Massachusetts Liability for Swimming Pool Deaths and Injuries: The Consequences for Negligence Can Be Deep – Part Two of Two

In my previous post on this subject, I discussed why backyard swimming pools are generally a very strong liability risk. This type of liability broadly falls under an area of law known as “premises liability”. Legally, property owners in Massachusetts have an obligation to provide a safe environment for visitors and guests. In the event of a pool accident, an experienced Massachusetts premises liability attorney should be consulted. Under no circumstances should anyone who has been injured in such an accident, speak to an insurance representative or any other person, until they have spoken first to an experienced Massachusetts premises liability attorney. Swimming pool injuries and deaths involve complex medical and legal issues. When young children are injured, these injuries frequently involve neurological and cognitive impairment that is not always immediately apparent. Hence, the legal response to such an injury requires considerable legal experience in this area of practice.

In terms of geographical incidence of swimming pool injuries, studies indicate that (logically,) children in northern and northeastern states are involved in a higher percentage of these accidents than occur in warmer states such as Florida and California, owing to greater inexperience around swimming pools in the winter states. Anyone who buys a home with a swimming pool, or puts one in their backyard and thinks there is nothing more they need to do but ‘clean out the bugs’, is making a serious legal mistake. Proper swimming pool safety requires that several measures be taken:

• The area around the pool should be secured from curious children or intruders (usually by a view-obstructing high fence)
• Supervision appropriate to the ages of the persons using the pool should be present (as was apparently not the case in the Connecticut case in my previous post)
• The water should be regularly maintained for cleanliness and proper chemical balances.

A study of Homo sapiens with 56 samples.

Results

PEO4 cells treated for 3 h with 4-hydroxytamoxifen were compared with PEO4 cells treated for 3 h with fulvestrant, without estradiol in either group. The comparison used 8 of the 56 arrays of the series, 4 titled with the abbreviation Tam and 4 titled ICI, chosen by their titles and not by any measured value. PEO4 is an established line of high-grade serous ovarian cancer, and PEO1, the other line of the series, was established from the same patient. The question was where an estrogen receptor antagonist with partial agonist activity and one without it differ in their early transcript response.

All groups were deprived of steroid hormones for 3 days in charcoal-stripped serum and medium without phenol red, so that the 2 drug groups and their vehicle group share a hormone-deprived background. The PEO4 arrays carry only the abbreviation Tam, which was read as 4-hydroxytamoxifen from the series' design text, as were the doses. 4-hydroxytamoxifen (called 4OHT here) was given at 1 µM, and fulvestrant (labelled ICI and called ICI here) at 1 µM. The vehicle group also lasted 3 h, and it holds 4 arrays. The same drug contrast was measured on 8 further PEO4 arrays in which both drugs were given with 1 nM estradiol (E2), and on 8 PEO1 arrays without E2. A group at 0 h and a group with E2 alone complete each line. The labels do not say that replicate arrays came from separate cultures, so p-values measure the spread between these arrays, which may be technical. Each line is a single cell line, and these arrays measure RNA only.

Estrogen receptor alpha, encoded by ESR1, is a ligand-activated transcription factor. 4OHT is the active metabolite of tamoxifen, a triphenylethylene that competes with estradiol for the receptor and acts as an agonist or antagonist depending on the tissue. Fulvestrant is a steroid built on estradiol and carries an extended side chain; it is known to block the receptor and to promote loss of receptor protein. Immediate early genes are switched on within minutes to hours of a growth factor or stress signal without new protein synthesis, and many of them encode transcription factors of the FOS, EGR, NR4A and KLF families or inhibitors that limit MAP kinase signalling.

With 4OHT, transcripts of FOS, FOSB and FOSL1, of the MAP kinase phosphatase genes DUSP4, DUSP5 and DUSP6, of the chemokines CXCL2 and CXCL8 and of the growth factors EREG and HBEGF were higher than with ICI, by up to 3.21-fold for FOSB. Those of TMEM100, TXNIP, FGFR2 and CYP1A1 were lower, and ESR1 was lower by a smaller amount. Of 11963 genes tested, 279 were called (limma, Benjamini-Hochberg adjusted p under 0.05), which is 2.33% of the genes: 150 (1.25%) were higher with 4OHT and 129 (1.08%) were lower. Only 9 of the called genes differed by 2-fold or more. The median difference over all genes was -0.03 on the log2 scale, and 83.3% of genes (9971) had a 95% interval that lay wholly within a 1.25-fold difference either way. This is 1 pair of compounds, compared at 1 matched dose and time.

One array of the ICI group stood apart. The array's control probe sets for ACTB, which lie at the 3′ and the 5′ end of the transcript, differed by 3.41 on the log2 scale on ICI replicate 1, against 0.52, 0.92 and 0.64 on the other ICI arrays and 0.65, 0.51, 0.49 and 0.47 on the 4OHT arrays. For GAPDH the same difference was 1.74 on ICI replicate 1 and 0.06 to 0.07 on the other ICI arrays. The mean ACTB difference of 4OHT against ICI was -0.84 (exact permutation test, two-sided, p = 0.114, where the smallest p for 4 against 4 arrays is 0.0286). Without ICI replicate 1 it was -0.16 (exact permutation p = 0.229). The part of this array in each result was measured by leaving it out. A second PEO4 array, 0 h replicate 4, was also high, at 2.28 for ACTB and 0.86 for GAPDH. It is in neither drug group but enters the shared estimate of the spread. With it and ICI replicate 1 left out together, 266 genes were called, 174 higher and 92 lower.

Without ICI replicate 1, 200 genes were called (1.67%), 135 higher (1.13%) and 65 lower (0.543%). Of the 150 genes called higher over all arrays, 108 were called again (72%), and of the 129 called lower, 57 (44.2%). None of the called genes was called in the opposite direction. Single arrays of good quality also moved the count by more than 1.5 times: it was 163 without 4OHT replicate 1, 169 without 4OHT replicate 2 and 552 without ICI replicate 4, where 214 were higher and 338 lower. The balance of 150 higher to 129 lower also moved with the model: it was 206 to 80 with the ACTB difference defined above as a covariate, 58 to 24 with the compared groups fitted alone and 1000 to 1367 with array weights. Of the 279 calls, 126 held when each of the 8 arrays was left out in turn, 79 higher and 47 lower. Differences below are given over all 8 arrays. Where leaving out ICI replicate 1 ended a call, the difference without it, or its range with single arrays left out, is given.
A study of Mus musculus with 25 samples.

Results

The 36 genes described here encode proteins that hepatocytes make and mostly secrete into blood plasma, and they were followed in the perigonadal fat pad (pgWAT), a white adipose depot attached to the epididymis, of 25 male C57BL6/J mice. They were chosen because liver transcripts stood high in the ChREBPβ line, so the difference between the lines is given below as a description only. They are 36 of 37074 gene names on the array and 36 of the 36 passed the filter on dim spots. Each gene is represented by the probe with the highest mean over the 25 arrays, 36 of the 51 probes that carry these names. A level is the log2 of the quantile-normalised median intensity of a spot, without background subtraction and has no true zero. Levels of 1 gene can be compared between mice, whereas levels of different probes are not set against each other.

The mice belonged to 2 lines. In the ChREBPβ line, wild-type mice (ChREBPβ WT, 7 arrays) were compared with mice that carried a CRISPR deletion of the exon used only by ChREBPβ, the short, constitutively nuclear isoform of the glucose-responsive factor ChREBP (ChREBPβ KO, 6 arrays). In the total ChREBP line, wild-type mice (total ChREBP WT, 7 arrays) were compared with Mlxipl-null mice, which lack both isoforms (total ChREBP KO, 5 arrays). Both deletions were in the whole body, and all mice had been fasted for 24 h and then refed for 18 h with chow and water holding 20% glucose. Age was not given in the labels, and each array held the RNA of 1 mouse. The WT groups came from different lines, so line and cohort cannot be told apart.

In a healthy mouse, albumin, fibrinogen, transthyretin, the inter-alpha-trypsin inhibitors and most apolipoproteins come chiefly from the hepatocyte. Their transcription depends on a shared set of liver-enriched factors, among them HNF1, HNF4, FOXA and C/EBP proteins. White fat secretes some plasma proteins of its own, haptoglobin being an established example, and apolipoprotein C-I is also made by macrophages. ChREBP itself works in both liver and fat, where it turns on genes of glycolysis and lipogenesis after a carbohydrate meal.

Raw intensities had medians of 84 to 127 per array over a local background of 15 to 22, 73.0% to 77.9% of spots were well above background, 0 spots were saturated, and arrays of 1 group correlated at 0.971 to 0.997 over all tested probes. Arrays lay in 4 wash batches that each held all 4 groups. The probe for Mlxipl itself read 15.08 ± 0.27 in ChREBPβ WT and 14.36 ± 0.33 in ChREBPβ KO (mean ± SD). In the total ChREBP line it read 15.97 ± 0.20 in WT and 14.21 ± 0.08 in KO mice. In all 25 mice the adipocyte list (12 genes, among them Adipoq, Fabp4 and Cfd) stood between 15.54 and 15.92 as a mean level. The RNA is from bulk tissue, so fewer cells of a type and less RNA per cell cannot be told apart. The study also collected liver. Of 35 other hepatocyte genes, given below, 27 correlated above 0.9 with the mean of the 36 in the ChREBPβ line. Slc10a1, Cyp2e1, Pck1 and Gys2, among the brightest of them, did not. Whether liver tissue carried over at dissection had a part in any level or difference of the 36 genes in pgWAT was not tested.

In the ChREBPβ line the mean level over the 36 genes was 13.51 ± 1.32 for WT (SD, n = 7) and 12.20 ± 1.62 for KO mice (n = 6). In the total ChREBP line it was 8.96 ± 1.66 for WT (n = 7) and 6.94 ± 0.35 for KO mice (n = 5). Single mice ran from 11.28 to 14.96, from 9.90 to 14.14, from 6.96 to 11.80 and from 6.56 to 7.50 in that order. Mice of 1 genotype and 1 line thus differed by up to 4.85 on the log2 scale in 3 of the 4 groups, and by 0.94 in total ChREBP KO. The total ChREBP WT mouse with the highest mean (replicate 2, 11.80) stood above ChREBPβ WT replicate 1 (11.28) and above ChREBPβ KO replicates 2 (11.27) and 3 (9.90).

• If a diving board is present, measures need to be taken to keep users from endangering one another.
• Signs pointing out particular hazards or warnings should also be openly and clearly displayed.

The types of injuries suffered in swimming pool accidents usually group as follows:

• Fractures resulting from improper diving or falling on hard, wet surfaces around the pool
• Head and brain injuries or spinal cord damage resulting from collisions in the pool or unsafe diving conditions
• Infection or illness caused by unsafe levels of bacteria in the water
• Toxic reaction to excessive use of chemicals
• Brain damage resulting from lack of oxygen in near drowning accidents, particularly those involving children
• Death by drowning
Rule One for homeowners with a swimming pool: Make sure that your homeowners’ insurance policy provides coverage for liability claims arising from the use or maintenance of your pool. Generally, I would not advise anyone with a swimming pool at their home to carry anything less than a bare minimum of $1.5 million in coverage. Many homeowners’ policies require a separate umbrella to provide this type of coverage; check with your insurance agent to make sure that you are adequately insured. Aside from individual homeowners, potential defendants in a swimming pool accident case commonly include a condominium association, an apartment building owner, a day camp or summer camp operator, a school district or university, or a hotel/motel resort. In some cases, where negligent installation or repair of a pool played a role in the accident, the manufacturer or installer of the pool might be liable as well. Aware of the dangers associated with swimming pools, the U. S. Consumer Product Safety Commission is conducting a national Pool Safety Campaign. Click on these links to learn more.

In the mean time, if you or someone you know has been injured in a swimming pool accident, contact our office for a free consultation. We are experienced with this type of litigation, and can provide you with the expert legal guidance you will need.

In sum, I’d say this to any owner or operator of a swimming pool, whether residential or commercial: Stay cool this summer. But when it comes to legal measures, be cool in protecting your legal interests. Or things could get very hot.